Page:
Folic acid reduces some childhood cancers
Washington: Fortifying food with folic acid may cut down the incidence of the most common type of kidney cancer and a type of brain tumour in children, says a new study.
Folic acid fortification reduced the incidence of Wilms` tumour, a type of kidney cancer, and primitive neuroectodermal tumours (PNET), a type of brain cancer, both of which affect children.
"Our study is the largest to date to show that folic acid fortification may also lower the incidence of certain types of childhood cancer in the United States," said Kimberly J. Johnson, assistant professor at the Brown School, Washington University, St. Louis, the journal Paediatrics reports.
The study examined the incidence of childhood cancer pre- and post-mandated folic acid fortification. "We found that Wilms` tumour rates increased from 1986 to 1997 and decreased thereafter, which coincides exactly with folic acid fortification," Johnson says, according to a Washington statement.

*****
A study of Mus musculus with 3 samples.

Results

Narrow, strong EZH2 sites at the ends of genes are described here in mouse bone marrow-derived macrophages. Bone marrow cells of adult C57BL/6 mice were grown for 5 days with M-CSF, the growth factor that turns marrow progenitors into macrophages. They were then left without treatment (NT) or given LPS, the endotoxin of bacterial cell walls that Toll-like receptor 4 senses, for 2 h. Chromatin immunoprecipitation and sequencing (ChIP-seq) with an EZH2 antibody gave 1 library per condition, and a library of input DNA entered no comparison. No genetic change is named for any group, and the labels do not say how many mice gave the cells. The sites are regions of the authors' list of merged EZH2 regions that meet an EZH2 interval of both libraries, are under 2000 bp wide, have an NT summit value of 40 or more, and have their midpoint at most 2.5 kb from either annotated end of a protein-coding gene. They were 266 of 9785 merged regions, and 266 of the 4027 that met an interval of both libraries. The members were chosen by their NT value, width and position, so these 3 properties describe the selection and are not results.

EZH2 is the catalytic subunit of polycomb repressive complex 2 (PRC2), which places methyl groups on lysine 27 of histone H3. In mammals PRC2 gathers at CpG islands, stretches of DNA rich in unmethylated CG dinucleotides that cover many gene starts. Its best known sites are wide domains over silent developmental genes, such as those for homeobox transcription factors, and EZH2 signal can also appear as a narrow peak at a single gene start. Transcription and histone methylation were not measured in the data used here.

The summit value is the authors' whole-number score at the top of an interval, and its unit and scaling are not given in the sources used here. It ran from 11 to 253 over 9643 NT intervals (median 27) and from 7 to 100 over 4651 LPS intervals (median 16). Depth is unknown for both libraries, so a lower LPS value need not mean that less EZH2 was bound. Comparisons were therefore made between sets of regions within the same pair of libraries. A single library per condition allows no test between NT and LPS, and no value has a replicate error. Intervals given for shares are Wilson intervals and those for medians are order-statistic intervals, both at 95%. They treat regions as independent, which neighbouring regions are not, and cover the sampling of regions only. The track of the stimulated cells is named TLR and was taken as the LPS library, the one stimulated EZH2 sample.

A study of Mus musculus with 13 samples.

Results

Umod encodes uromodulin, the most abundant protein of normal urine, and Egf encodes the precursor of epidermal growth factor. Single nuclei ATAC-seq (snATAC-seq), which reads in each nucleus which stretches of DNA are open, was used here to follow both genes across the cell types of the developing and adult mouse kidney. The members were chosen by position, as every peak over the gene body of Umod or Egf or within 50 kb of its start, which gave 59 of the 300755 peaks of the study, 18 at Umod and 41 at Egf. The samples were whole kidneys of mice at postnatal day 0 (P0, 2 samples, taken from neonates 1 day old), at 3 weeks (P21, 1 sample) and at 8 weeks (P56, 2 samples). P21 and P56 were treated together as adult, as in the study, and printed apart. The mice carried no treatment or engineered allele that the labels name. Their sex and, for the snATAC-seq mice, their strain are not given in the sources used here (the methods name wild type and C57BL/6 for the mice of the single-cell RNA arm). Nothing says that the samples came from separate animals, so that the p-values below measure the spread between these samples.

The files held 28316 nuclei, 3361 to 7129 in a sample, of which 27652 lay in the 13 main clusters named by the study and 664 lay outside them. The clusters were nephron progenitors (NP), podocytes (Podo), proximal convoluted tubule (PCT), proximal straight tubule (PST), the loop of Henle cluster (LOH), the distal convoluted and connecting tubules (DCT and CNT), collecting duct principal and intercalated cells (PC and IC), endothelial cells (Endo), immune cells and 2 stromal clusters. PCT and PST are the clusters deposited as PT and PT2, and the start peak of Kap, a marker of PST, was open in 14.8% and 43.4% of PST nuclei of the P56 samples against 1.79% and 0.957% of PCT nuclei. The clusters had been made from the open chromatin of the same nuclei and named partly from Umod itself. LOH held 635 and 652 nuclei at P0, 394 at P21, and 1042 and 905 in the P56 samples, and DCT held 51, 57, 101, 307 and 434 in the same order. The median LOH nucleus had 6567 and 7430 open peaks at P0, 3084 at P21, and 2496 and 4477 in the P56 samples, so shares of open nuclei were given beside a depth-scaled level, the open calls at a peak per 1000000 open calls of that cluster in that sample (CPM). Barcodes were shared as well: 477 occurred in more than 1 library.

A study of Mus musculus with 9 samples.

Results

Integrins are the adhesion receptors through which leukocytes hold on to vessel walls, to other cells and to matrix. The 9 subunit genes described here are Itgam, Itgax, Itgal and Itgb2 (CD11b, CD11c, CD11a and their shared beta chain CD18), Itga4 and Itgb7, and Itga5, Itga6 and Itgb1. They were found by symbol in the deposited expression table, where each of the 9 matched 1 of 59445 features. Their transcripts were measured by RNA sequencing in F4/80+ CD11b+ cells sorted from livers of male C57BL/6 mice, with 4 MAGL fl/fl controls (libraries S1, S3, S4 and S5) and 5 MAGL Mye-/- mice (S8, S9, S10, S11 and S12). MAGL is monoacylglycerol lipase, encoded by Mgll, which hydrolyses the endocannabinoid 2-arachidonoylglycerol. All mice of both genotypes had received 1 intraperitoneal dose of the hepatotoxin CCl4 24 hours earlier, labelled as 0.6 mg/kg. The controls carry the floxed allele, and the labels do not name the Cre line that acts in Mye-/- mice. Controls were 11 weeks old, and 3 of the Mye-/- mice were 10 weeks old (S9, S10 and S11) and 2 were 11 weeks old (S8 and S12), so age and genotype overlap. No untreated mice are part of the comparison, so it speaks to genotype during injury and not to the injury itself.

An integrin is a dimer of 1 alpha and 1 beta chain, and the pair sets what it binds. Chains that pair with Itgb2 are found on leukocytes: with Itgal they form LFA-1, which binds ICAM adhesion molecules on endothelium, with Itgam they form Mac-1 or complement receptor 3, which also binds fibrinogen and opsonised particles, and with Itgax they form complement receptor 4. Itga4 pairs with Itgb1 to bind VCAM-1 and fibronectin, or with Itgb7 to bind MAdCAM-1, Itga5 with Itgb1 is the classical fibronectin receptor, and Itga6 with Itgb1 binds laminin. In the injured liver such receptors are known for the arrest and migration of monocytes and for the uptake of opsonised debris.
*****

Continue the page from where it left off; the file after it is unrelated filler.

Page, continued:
"PNET rates increased from 1986 to 1993 and decreased thereafter. This change in the trend does not coincide exactly with folic acid fortification, but does coincide nicely with the 1992 recommendation for women of child-bearing age to consume 400 micrograms of folic acid daily."
Study authors used the 1986-2008 data from the National Cancer Institute`s Surveillance, Epidemiology, and End Results Program (SEER), which has collected information on cancer cases in various areas of the US since 1973. The study involved 8,829 children, from birth to age four, diagnosed with cancer.
"Declines in Wilms` tumours and PNETs in children were detected by multiple analyses of the data," Johnson says. "Importantly, the reduced rates of Wilms` tumours also were found in a smaller study conducted in Ontario, Canada, that was published in 2011.
Julie A. Ross, professor and director of the Division of Paediatric Epidemiology & Clinical Research in the Department of Paediatrics at the University of Minnesota, co-authored the study.